Is Trump an Ethical Businessman?
So, is Donald Trump a tough, visionary deal-maker? Or a lying, cheating scumbag? Neither? Or both?
Some politically engaged readers have challenged me to get off the fence and to give them an answer.
In honor of the upcoming Jewish New Year, I'll answer their question with a question: was Gordie Howe an ethical hockey player?
"Mr. Hockey" played professionally for 32 years. He was known for elbows, slashes, and fighting. A player's having one assist, one goal, and one fight in the same game became known as a "Gordie Howe Hat-Trick".
Trump himself boasts of being a bare-knuckled businessman. He gets involved in litigation more frequently than his peers, although many Trump cases involve casino guests who have failed to pay gambling debts. A recent review of his cases with a clear resolution gives him a 451-38 record. Over a highly visible 45-year career, he seems to have avoided criminal charges and large-scale verdicts for fraud or workplace harassment/discrimination. (The Trump University case is pending.) This does not look like the record of scoundrel. At the same time, you would not want to be alone in a lifeboat with Donald Trump without food and water for two. (The same would apply to many other successful people.)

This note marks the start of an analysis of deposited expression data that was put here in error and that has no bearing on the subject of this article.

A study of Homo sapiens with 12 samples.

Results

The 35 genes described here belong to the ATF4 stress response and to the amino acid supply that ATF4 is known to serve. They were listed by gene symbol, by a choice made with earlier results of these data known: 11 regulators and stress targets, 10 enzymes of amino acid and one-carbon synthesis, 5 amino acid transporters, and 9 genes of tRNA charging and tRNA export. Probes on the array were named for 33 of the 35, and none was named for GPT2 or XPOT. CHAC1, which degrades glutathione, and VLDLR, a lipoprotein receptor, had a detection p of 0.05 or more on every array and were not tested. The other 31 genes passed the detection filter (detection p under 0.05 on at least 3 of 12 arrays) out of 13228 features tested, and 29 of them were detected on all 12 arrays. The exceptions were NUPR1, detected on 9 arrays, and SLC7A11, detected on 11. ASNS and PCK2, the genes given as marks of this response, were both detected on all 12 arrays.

Returning to Gordie Howe, sports fans know there are the formal rules of the game, and there is how the game is played. The latter represents a second set of rules, usually enforced tit-for-tat by the players themselves.
A big difference between Gordie Howe and Donald Trump, though, is that Howe's opponents could not refuse to play him. Financier JP Morgan once said, "[a] man I do not trust could not get money from me on all the bonds in Christendom." As a businessman, Trump has had to persuade people to contract with him. I doubt that JP Morgan would lend Donald Trump money. But, if Trump were as clearly unethical as some of his detractors allege, why have so many sophisticated investors, vendors, and tenants chosen to do business with him for so many years?